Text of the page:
Editor’s Introduction 22(3)
Vladimir Zwass, Editor
International Journal of Electronic Commerce,
Volume 22, Number 3, 2018, pp. 323-324.
The first two articles in this issue of the International Journal of Electronic Commerce address empirically two increasingly important aspects of online advertising. With the growing use of human-like avatars in ads, Bashar S. Gammoh, Fernando R. Jiménez, and Rand Wergin investigate consumer attitudes evoked by such ads, to interesting results. Basing themselves in the mental schema theory the authors hypothesize, and have their suppositions confirmed, that avatars may evoke negative attitudes toward the ads in large categories of consumers. More specifically, higher degrees of the “humanness” of some of the avatars cause a feeling of incongruence and underlie the negative feeling of the consumers less knowledgeable in the product category being promoted. Based on their empirics, the researchers offer several helpful suggestions to the advertisers.
Narrow targeting of consumers with contextual display ads has become commonplace. A newer phenomenon is the contextual competitive targeting (CCT) of the competitor’s prospective customers. Indeed, Google AdSense offers a platform for doing just that. What about the effectiveness of CCT? This is the subject of the study by Yiping (Amy) Song, Chee Wei (David) Phang, Shuai Yang, and Xueming Luo, conducted as two field quasi-experiments in the context of Google’s platform, with a follow-up laboratory survey to interpret the reasons for the experiments’ findings. The study includes an investigation of the effectiveness of competitive promotional incentives—which, somewhat counterintuitively, may turn out to lower the conversion rates. The work offers fine-grained advice to advertisers who aim to poach, and contributes to our understanding of competitive advertising.
Online service is, in many ways, the major source of profits, be they from the services themselves, from augmented products, or from loyalty engendered by the exemplary treatment of customers. Two subsequent articles deal with the issues of e-service. Jörg Heinze and Christian Matt show how mobile commerce can benefit from what they call comprehensive technological service (CTS). Dealing specifically with the sale of complex products (e.g., insurance), the authors propose a combination of technology-mediated service with technology-generated service, to arrive at CTS. The significant human assistance involved in CTS (we are on a smartphone, after all) leads to the advantages of the approach, as the authors demonstrate in their lab experiment. The analysis of the risk reduction perceived by the customers is one of the article’s contributions to the theory of consumer behavior.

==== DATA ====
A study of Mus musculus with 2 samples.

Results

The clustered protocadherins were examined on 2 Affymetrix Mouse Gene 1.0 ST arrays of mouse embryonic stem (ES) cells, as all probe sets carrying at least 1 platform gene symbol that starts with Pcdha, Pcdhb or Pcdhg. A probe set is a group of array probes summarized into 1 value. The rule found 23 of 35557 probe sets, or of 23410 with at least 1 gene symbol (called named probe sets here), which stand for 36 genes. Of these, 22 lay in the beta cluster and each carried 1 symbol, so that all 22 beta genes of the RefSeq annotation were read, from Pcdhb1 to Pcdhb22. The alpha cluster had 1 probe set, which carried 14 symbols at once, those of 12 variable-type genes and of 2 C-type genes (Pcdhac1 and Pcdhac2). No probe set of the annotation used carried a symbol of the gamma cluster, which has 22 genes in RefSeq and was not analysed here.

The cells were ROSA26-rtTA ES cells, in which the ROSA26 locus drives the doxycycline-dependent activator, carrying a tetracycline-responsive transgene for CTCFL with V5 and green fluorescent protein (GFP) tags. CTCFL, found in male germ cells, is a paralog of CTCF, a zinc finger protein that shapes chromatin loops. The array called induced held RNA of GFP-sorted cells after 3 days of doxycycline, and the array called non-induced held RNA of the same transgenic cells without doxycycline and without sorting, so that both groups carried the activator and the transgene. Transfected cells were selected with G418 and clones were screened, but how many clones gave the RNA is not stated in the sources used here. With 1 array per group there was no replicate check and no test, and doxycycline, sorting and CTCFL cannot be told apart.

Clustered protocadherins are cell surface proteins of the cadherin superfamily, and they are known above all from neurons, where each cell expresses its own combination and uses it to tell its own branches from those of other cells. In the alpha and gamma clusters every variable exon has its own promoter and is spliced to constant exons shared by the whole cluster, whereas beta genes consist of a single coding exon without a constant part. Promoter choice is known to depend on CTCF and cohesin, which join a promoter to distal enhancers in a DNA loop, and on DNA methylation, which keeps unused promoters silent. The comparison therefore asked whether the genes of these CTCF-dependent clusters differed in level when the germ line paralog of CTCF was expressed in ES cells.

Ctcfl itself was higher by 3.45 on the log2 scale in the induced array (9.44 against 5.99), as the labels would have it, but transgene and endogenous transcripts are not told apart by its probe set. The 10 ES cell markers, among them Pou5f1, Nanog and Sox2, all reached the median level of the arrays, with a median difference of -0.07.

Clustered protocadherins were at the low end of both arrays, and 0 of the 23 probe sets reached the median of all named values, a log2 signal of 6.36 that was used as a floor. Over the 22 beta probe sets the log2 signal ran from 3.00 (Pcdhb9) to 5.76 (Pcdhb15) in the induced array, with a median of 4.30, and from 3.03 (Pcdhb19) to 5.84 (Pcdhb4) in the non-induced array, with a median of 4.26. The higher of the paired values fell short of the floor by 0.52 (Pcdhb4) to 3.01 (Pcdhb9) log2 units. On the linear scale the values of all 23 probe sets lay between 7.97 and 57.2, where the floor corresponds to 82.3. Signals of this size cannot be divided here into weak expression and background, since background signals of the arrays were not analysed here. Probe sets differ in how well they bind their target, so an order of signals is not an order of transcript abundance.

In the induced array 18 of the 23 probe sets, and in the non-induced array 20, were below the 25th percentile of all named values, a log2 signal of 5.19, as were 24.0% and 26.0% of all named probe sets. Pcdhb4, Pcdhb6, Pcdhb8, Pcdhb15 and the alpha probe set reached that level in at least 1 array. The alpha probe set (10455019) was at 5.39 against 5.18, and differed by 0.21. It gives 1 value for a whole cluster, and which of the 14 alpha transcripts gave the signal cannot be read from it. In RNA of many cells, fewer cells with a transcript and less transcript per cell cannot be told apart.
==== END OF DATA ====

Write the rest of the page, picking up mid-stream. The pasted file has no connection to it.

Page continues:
We know that a service failure handled well often produces a loyal customer. In that context, Sanchayan Sengupta, Daniel Ray, Olivier Trendel, and Yves Van Vaerenbergh empirically study the effects of apology for service failures in online and offline contexts, and in Eastern and Western cultures. The authors’ survey-based empirics show significant cultural differences with respect to the customers’ response to the apology when rendered by the apologizing personnel of high versus low status, and publicly versus in private. There are many ways to say you are sorry, some much more effective than others.
With the proliferation of inexpensive information technology, video has become a mass medium of online communication and a massively consumed format of online content. Prominent video websites are aiming to combine the advantages of this rich medium with those of social media by offering bullet screens that overlay the real-time comments of the viewers onto the screen. Known as DanMu in Chinese and Danmaku in Japanese, bullet screens are already highly popular in Asia, and are rapidly becoming widespread there. Their use is intended to impart to the somewhat isolating experience of video watching the feeling of sociability accompanying the use of social network or gaming platforms. The authors of the concluding article, Jiaming Fang, Lei Chen, Chao Wen, and Victor R. Prybutok, study empirically how the viewers’ perception of social presence on these sites affects their loyalty to the platforms. Toward that end, the researchers develop and validate a comprehensive model that shows how social presence leads to immersion that, in turn, conditions loyal viewing and, perhaps, participation in commenting. The model is important in view of the new combinations of rich media (e.g., virtual reality) and social media that are certain to emerge in the near future. We have here another example of the power of co-creation.